The rise of the indie games fad around 2008 has done a lot to affect the landscape of gaming. I say “affect” because I don’t want to say it’s been especially positive or negative; you’ve had your high points and your low points, much like traditionally published games. It’s always been the case in my mind that the means by which a game is made as well as the people who made it are both essentially irrelevant: what matters is the quality of the product, and it’s important to highlight games that are worth a look. With that, let’s talk about Undertale.
Undertale casts you as a human child lost in an underground world of monsters. “Monster,” in this case, is more of a species than a descriptor; they’re sentient creatures with their own thoughts, feelings and personalities, just like humans. There are plenty of memorable characters, like a spaghetti-obsessed skeleton, a dweeby lizard scientist and the greatest performing robot of all time. You’ll meet and interact with each of them as you explore the underground.
You’re going to run into plenty of conflicts, sure, but they can be solved with wit, guile and charisma. Battles can be addressed by talking to monsters and figuring out how to convince them to let you spare their lives, immediately ending the fight when you do so. Nobody has to die to make it through this game, though the nonviolent route can be more difficult than simply bashing your face into everything until you get through. Patience and persistence will see you through, though, and the game’s not especially difficult nor long.
You can focus on befriending your potential foes, eventually earning a reputation as a reasonable human who can coexist with monsterkind. It’s a little heartwarming at first. Eventually it’s a lot heartwarming. I pride myself on the fact that a video game has never made me feel anything but “hungry,” but at times Undertale made me…uh, very hungry. Yeah, that’s the ticket. Certainly no warm fuzzies. Definitely didn’t find myself caring about the fates of little pixelated monsters. No laugh out loud moments, no sir. Just hunger.
Or, well, you can do the exact opposite of that. You’ve got an XP counter and levels, after all. There are weapons and armor to equip and healing items to load up on. Combat, should you choose to solve your problems in a more direct manner, uses a precision-based timing bar that’s vaguely reminiscent of how Shadow Hearts worked; careful timing means more damage. You’ll want to do plenty of damage, so it’s fortunate that if this is how you’d like to play Undertale, you’ll get plenty of practice with that timing bar. Grind to your heart’s content. Go nuts.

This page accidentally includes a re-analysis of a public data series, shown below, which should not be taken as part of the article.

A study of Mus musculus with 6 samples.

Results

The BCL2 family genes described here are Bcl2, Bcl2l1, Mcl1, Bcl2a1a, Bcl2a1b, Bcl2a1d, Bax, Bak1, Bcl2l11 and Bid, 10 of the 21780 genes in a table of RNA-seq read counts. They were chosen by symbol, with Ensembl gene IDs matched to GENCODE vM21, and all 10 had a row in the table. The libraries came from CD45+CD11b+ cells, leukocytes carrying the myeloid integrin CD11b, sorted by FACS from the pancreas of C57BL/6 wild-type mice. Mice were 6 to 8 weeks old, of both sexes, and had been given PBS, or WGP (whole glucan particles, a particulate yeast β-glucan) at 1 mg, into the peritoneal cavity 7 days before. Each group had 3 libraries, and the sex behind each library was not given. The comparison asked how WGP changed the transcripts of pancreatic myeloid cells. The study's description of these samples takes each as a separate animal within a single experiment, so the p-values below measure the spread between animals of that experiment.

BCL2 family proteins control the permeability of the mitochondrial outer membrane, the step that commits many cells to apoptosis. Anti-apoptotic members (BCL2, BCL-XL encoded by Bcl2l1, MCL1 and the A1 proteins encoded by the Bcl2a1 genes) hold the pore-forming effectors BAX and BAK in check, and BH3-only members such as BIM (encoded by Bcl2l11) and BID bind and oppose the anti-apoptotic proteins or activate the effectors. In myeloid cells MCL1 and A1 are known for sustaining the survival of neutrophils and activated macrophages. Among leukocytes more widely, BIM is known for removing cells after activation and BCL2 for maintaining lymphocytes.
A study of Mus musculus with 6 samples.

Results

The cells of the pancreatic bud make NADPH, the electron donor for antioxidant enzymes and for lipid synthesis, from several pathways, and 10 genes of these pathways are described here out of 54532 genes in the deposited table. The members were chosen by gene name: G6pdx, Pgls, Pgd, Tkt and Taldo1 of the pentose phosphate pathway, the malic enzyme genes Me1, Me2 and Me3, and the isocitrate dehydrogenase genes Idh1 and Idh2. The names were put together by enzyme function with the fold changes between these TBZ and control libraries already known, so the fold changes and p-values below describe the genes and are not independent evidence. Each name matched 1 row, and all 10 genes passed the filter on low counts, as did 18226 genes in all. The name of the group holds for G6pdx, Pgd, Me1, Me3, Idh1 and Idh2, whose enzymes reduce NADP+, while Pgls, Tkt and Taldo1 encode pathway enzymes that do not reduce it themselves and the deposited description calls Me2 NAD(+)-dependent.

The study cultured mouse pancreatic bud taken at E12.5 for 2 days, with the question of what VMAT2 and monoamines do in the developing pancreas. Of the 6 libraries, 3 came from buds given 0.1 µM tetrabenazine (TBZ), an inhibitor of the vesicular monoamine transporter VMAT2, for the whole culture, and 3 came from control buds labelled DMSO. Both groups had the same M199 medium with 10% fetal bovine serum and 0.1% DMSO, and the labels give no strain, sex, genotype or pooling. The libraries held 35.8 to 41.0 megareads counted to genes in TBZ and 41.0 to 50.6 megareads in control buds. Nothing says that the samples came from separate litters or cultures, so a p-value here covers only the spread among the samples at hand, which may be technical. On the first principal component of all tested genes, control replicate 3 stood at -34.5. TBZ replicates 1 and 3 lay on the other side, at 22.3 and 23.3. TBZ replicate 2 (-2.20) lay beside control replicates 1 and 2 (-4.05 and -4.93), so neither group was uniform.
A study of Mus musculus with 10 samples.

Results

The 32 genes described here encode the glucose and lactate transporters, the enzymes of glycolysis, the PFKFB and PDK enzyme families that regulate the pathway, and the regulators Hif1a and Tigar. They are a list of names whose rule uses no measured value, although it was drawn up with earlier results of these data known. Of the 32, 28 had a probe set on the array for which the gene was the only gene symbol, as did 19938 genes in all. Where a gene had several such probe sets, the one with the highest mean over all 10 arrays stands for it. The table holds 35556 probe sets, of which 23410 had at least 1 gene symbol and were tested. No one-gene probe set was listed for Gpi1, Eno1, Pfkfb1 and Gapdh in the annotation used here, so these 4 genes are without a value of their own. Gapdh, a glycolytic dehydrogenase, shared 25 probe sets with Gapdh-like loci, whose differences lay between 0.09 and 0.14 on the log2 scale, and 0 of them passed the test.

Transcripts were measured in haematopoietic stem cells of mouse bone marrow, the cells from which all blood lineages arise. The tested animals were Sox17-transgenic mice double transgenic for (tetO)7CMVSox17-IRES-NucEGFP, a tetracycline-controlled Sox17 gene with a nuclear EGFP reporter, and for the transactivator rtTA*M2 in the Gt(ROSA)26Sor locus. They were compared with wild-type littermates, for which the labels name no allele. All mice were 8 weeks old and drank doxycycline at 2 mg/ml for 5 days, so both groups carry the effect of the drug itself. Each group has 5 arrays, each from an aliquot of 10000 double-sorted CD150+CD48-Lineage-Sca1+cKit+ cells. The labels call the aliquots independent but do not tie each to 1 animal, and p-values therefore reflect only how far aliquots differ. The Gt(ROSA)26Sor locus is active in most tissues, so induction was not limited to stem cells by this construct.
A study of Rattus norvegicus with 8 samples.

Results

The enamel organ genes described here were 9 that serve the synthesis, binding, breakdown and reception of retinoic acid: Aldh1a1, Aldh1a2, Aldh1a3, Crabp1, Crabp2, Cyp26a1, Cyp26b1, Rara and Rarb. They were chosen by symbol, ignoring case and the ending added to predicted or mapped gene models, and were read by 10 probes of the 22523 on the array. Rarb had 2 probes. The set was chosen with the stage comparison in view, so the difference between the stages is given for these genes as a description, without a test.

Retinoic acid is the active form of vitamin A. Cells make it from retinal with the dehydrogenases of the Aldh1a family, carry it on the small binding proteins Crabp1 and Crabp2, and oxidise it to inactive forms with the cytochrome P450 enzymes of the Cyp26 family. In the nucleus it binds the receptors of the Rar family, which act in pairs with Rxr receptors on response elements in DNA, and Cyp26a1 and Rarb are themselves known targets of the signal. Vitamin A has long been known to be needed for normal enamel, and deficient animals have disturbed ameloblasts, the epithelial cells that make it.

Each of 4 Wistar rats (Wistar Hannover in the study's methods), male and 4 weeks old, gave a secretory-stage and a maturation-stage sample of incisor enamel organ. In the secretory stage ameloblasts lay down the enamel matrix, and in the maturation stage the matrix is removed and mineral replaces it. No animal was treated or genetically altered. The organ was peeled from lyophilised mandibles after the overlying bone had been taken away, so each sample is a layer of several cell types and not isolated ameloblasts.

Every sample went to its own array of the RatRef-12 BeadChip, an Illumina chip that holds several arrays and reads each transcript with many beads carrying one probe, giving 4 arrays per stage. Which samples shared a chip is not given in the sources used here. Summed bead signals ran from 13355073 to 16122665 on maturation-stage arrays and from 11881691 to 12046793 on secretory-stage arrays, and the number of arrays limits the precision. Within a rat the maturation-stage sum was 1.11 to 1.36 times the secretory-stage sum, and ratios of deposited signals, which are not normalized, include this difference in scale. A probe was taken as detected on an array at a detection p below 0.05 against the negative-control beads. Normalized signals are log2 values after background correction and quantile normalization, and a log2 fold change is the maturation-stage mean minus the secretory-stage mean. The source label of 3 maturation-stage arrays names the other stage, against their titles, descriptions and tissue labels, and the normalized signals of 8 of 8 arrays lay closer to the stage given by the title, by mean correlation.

Of course, it shouldn’t come as much of a surprise that going nuts will have consequences. The extent to which that’s true is surprising to say the least. Without going into it and ruining the surprise, there are several entirely different games to experience here. You may want to carefully consider your approach. This isn’t a roguelike or anything, but your choices have more weight than you might initially believe, and you can’t necessarily take everything back if you don’t like what happens.
Reading the above might – should, in fact – concern some readers. Indie games love this sort of setup; for years, toying with games as a concept and the many clichés of the medium has been the independent developer’s easy way out. It represents a means of making and selling a game without necessarily having to make or sell a good game, and the rise of crowdfunding and decline of Steam curation have meant that there’s plenty of easy money in getting something out the door.
Undertale certainly sounds like a game made using this paradigm, but it’s actually a well-written and legitimately endearing adventure. There’s pixel art, sure, but it’s combined with high-quality battle sprites and gorgeous backgrounds. There’s chiptune music, yeah, but it’s some of the best I’ve heard. There are memes here and there, but they’re a gentle sprinkling over a main course comprised of original humor and storytelling. Undertale, more than nearly any indie game I’ve played since the trend started, feels like a labor of love rather than a quick hop onto the bandwagon. The worst criticism I can level at it is that it might be a bit too liberally inspired by the SNES classic Earthbound. There are worse things.
Perhaps most important in my mind is this: morality is central to the game and there’s a clear philosophical agenda throughout, but it stops just short of preaching at you. The co-opting of video games as a means for pushing messages onto players is something I’ve found to be particularly distasteful over the past couple of console generations. Undertale doesn’t do this. None of the proceedings feel out of place and the ramifications of what you’re doing are made clear to you from the start. You become what you choose to become. To explain any further would dull the game’s impact to some degree.
So there’s that, then! At $10 Undertale is a solid purchase for anyone who enjoys RPGs. It’s not the longest game you’ll play; you can see everything it’s got to show in a weekend at most. This will most assuredly be time well spent, however, and I can’t think of a better recommendation than that.